Written by Bob Baker & Dave Martin
Directed by Christopher Barry
The Doctor and Jo receive a mysterious sealed message pod from the Time Lords, and are directed by them to an orbiting space station above the planet Solos in the 30th Century. The pod will only open itself when it is placed in the proximity of its intended recipient, and as neither he nor Jo know who that is, the Doctor is forced to get involved.
Solos has been under the control of Earth, who have been exploiting its resources and oppressing its indigenous people. As the Doctor and Jo arrive, Earth is about to give Solos its independence, much to the fury of the Marshal of the Skybase. Filled with ambition and bigoted contempt for the people of Solos, he murders the Administrator sent to manage the hand-off and hatches a plan with his chief scientist, Jaeger, to convert the atmosphere of the planet into one more suitable for Earthlings.
The Solonians has a leader in Ky, a passionate young man who is falsely accused of the murder of the Administrator. Ky feels the humans are brutal overlords, and blames them for the mutations of some of his people into insectoid beasts. Ky flees from the Skybase to Solos, taking Jo with him, and is pursued by the Doctor. They all meet in the mines, and the Doctor discovers that the message pod's recipient is Ky, and it promptly opens for him to reveal ancient stone tablets with carved inscriptions.
The Doctor and his friends encounter Sondergaard, a human scientist leading a hermit-like existence in the mine while searching for a cure for the mutated Solonians. He and the Doctor decipher the inscriptions, revealing that the mutations are a natural part of the Solonian life-cycle, a mid-way point of their ultimate evolution, and the planet's natural radiation plays a vital part. This radiation will be eliminated by the Marshal's plans, dimming the Solonians.
The Doctor retrieves a crystal from a cave where the radiation is concentrated but is recaptured by the Marshal and is forced to perfect the machine with which Jaeger plans to transform Solos or Jo will pay the price.
Meanwhile, Sondergaard gives Ky the crystal, which turns him first into a mutant, and then into an ethereal super-being which is the ultimate stage of the Solonians' life-cycle. Jaeger is killed when the Doctor sabotages his machine, and the Marshal is vaporized by Ky.
There's a good story in here somewhere, or at least there are the ideas for a good story, but the execution of these ideas are done so poorly that we're left with one of the worst Doctor Who stories of the classic era.
There are two types of bad Doctor Who. There are the ones that are bad, but so ridiculously over the top, bonkers, bananas misguided that they wind up being fun (hello, Underwater Menace), and then there are those that are just bad and poorly executed and no fun in any way. The latter ones are far more rare, but The Mutants is most definitely one of them.
Baker & Martin's scripts contain some really interesting ideas, as their scripts almost always do. The concepts of intergalactic apartheid and the mutation of the Solonians are both strong and intriguing. But director Christopher Barry plays down the first aspect (with one exception I'll get to in a minute) to just a few mentions and a general tone of prejudice, and the evolutionary idea is a focus point but doesn't really impact the plot until the final episode. As is customary, the Bristol Boys (as Baker & Martin were known) overreach in ideas and don't quite nail down the execution.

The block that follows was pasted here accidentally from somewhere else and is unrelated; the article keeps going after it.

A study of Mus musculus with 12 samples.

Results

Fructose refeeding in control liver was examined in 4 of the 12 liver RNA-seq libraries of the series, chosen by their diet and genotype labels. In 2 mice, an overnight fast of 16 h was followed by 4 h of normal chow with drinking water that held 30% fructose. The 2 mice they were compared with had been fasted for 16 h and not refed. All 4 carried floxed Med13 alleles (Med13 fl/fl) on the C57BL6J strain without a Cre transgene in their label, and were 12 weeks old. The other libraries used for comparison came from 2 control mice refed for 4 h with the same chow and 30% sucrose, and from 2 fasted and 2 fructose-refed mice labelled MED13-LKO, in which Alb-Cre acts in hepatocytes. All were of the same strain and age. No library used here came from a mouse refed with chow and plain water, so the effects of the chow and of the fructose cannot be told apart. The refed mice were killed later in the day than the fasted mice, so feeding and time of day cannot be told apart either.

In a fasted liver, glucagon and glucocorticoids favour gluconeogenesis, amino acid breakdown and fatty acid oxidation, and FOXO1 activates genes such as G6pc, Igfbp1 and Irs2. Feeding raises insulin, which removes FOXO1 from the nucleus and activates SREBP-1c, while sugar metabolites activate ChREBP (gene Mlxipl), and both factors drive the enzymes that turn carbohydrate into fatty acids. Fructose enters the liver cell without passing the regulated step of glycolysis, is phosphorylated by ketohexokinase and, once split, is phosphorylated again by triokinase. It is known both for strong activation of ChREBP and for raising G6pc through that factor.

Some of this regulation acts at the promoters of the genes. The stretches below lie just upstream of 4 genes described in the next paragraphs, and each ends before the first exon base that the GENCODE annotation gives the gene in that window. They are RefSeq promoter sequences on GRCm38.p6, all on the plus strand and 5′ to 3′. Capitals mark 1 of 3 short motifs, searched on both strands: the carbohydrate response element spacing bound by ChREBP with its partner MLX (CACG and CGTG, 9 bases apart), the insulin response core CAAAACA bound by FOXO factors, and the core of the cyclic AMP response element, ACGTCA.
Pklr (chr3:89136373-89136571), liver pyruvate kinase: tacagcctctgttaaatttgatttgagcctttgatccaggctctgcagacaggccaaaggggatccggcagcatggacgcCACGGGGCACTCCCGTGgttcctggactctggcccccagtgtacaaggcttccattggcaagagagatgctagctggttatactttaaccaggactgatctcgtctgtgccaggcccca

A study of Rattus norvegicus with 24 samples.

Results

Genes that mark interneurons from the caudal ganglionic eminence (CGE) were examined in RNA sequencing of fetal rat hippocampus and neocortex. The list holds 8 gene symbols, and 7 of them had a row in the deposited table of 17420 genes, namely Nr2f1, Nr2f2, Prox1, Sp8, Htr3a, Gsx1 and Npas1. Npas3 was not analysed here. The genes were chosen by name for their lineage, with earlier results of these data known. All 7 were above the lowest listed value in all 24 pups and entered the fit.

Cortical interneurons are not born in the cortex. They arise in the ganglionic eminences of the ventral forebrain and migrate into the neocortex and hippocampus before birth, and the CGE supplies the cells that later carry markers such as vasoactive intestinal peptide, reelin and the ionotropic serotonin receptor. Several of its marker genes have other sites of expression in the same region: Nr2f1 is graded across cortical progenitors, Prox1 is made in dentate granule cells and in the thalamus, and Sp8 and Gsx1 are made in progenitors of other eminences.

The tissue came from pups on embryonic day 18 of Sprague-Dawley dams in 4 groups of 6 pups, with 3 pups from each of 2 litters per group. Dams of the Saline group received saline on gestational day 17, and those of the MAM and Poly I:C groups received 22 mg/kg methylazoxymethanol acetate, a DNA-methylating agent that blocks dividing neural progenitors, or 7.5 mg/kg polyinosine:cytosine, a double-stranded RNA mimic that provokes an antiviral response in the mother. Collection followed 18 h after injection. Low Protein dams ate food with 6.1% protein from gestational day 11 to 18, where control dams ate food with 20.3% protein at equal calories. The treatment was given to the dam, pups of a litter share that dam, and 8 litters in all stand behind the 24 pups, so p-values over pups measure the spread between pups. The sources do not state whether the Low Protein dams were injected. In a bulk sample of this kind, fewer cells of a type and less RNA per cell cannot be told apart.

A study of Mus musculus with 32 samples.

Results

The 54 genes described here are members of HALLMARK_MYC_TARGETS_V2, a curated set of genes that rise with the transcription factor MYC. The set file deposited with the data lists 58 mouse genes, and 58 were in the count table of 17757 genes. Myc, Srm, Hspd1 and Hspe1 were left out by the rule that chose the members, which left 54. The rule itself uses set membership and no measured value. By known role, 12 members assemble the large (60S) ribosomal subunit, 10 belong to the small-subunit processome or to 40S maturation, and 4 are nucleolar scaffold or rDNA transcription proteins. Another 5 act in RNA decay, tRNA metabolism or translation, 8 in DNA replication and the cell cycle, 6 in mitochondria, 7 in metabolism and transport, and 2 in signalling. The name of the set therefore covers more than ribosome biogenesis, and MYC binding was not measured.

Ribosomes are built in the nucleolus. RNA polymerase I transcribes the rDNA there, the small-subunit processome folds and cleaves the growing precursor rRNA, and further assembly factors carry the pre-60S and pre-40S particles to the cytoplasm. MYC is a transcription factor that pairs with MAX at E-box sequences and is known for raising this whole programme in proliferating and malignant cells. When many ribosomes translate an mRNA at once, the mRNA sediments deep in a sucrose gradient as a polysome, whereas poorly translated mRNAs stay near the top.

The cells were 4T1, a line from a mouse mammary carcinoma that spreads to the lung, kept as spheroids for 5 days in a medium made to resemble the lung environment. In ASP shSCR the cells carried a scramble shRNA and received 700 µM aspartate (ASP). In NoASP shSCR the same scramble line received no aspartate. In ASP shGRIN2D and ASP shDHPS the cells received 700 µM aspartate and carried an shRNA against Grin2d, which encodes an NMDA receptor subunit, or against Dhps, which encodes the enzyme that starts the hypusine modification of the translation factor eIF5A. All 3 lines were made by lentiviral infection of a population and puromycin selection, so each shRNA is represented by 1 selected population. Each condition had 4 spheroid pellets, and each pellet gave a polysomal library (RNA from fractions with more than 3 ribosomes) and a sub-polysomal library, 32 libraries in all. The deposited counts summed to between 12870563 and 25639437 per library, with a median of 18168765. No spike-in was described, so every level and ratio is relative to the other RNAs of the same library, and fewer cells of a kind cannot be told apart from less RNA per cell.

Most of the time we get an uninspired runaround that is never given energy or focus. The Marshal is certainly an unpleasant villain, one of Doctor Who's most unpleasant ones, I'd argue, but he's so much so that he's no fun to watch at all, and his plan eventually degenerates into madness which is pretty boringly done. The cast is all pretty dreadful, but given the atrocious dialogue it would be hard for anyone to excel.
I mentioned that Barry downplayed the apartheid aspect as much as he could. It's still present, but according to Baker & Martin it was originally much more prominent. So, it's odd that Barry made the call to cast an actor of colour as Cotton. It was a bold decision in the early 1970s, and it's certainly one to be lauded as the programme throughout its classic run was rarely as good as it should have been about using different ethnicities, and often in fact was appallingly racist.
But you cannot tell me that the best actor for this part was Rick James. He gives the worst performance in the history of the show to this point. Look, there are plenty of actors that go way, way, waaaaaaaaaaay over the top in Doctor Who. Some actors thought simply being cast on the show was a license to start slicing great whacking chunks of ham all over the place (and some of them are in this very story). And those performances are laughably bad. But none of them are as downright amateurish and hopeless as James. He cannot speak a single line convincingly, and he is a major, major part of the story. Granted his dialogue is among the worst, but Christopher Barry never should have cast him in the role, and you can visibly see all the other cast dancing as fast as they can to cover up for his shortcomings. I don't like to kick the actors on the show, for a variety of reasons. And I certainly applaud the decision to think outside the BBC's box to give underused ethnicities the equal presence on TV that they deserve. But this is a performance that should never have gotten to air.
All in all, The Mutants might be, in my opinion, the single worst story of the Pertwee era.